PictureCarlito's Way: Rise to Power is given a basic 1.85:1 aspect ratio anamorphically enhanced widescreen transfer that promotes it with average detail, good clarity, little softness, no noticeable edge enhancement and little grain (except where intended). The scope looks little better than a TV-movie and the direction leaves a lot to be desired, but the transfer only presents what was filmed and cannot really be faulted for that. The colour scheme is reasonably fresh in most scenes - particularly for the skin tones - but otherwise the look is slightly faded, probably to suit the era. Black are fairly solid, allowing for reasonable shadowing and the transfer exhibits no print damage whatsoever.
SoundCarlito's Way: Rise to Power is presented with a solid if uneventful Dolby Digital 5.1 track that does what it needs to do. The dialogue is slightly muffled - you have to turn it up quite loudly to hear them speak clearly - and the effects are few and far between (with a couple of gunfight but little else effects and a little ambient noise but nothing significant or atmospheric). There is a decent soundtrack that is pretty reminiscent of Shaft and its boisterous predominance of the speakers marks the most significant part of a largely lacklustre effort. There is also a DTS mix but, to be honest, it does little to improve on the average Dolby track.
ExtrasFor a direct-to-DVD release, there are a fair few of interesting extras to complement the main movie. First up we get seven minutes of deleted scenes, with more of the black and white credits footage (which sets the scene and has another actor playing an even younger Carlito), more of the gang in jail from the beginning of the movie, too much extra footage of Hollywood Nicky being a supercilious idiot and a little bit more of the lovely Leticia, a brief addition to Carlito's monologue musings and more from the hard-nosed cops who are on his tail. None of them really needed to be in the movie, but for a production like this they should have probably been left it (that is, apart from all the scenes involving Hollywood Nicky).
The Gag Reel is six minutes long and comes across as slightly incongruous with the feel of the movie (I am not entirely sure they should have included it). Most of the mistakes are line-fluffs or actors who are unprofessionally unable to keep a straight face, but there are a couple of nice extra moments with Luis Guzman (in scenes that were neither in the final film nor included in the deleted scenes) improvising excellently.
Got Your Back: Carlito's Brothers in Crime is a six-minute look behind the scenes at this Carlito's Way prequel. Jaclyn DeSantis (Leticia) pops up to talk about the boundaries within New York back in those days and we get plenty of b-roll footage and other cast and crew interviews. Unfortunately this short featurette is simply packed full of footage from the final film itself, padding it out and making it seem slightly too promotional. There is no need for them to explain the whole damn movie to me - I've just watched it and even if I hadn't, I wouldn't want to know so many spoilers - and expecting anything more deep than a face-value explanation of the story is too much to ask for in the short duration.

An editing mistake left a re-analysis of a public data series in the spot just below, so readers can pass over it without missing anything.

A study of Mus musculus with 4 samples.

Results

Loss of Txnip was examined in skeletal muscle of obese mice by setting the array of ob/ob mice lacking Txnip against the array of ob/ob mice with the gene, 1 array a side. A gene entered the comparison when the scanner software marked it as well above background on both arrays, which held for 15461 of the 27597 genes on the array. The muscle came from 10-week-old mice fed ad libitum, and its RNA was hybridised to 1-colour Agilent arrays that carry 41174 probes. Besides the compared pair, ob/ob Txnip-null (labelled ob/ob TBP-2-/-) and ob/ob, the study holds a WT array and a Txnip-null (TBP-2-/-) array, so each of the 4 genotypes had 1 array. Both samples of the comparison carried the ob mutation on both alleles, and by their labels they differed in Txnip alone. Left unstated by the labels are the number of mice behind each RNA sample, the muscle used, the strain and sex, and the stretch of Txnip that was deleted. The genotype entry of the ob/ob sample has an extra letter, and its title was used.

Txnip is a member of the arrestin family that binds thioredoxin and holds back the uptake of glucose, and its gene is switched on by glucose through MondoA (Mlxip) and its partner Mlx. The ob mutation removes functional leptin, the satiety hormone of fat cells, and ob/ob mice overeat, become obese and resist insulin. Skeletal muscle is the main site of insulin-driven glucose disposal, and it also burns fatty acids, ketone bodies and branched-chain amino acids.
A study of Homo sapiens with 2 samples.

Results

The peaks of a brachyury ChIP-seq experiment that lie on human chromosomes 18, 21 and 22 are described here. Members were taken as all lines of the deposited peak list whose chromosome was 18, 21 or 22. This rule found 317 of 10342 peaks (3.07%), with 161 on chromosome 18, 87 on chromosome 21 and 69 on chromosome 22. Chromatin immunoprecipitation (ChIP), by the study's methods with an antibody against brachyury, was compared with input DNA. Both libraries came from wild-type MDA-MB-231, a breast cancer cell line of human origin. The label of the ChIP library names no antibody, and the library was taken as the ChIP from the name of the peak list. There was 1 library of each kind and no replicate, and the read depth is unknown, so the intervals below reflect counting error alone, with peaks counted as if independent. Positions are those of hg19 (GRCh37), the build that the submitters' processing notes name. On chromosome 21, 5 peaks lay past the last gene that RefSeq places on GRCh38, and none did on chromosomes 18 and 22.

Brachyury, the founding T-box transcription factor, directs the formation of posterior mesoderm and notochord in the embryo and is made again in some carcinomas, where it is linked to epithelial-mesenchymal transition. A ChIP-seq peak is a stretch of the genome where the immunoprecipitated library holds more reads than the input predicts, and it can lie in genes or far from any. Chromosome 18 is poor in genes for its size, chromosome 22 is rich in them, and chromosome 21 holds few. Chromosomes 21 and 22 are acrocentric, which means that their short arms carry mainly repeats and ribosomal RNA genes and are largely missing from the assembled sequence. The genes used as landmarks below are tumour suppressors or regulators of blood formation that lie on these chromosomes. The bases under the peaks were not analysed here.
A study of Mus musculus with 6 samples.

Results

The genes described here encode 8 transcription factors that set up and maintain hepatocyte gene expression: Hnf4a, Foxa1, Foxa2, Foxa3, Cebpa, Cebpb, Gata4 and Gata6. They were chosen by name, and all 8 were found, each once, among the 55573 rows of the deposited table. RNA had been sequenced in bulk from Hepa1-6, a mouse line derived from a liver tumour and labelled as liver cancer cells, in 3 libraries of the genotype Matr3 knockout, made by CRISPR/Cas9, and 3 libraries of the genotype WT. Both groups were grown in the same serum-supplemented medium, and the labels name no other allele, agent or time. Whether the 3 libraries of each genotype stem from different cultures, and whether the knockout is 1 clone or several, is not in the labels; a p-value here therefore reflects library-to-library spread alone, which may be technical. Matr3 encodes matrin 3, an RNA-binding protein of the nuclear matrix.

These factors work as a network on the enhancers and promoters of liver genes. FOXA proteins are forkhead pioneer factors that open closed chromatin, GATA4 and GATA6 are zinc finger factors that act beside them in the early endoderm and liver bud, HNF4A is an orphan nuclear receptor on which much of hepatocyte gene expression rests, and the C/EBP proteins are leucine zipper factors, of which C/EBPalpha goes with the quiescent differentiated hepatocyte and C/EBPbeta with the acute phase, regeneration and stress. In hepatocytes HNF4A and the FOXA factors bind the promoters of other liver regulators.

Bringing the 'Hood to Life is an eight-minute look at shooting this prequel, talking about the original movie, the fact that they got to shoot in Harlem and the basis in reality that the story has. The cast and crew discuss their own memories of the sixties, the clothing, the cars, the way the streets were run and so forth - and how they brought it all back to life in this movie and overall this is a much more interesting behind the scenes featurette. One glimpse of a clapper-board reveals the fact that, during the production, the project was under the working title of Carlito's Way: The Beginning, which was obviously dropped in favour of Rise to Power.
There is also a twelve-minute Making-Of Documentary that takes a more in depth look at the whole production. Unfortunately we're back to having far too much footage from the main film itself which is a shame after the last featurette. Still, there are a few nice interview soundbites and some interesting background footage. It's just a shame that they pad out five-minutes' worth of this new material with the same again of footage from the final film.
The Set Tour with 'Earl' takes us behind the scenes with the great Mario Van Peebles for a brief, four-minute look at some of the sequences being shot. He takes us through the setting, the filming and the fashion, proudly showing off his own attire. Although very short and not particularly informative, it is nice to spend more time with this quality actor.
We also get Trailers for this movie, the new Ultimate Edition Carlito's Way DVD and - rather out of place here - the average horror Skeleton Key.
VerdictCarlito's Way is a vastly superior gangster movie that did not deserve to be disrespected in this kind of way. If a prequel were to be made, it should have been made by a better cast and shot by a better director. As is, for a b-movie DTV release it is quite a solid, watchable but unexceptional gangster thriller that will keep you entertained for the duration. Just don't expect to see more of the Pacino Carlito that we all know and love. Presentation-wise the video is fairly decent, the audio does what it needs to and there are a surprising amount of extras for such a low-budget production. Fans of the original could consider a rental to see whether or not they fancy adding it to their collection but newcomers should check out the superior Pacino/De Palma movie first before going near this.
Our Review Ethos
To comment on what you've read here, click the Discussion tab and post a reply.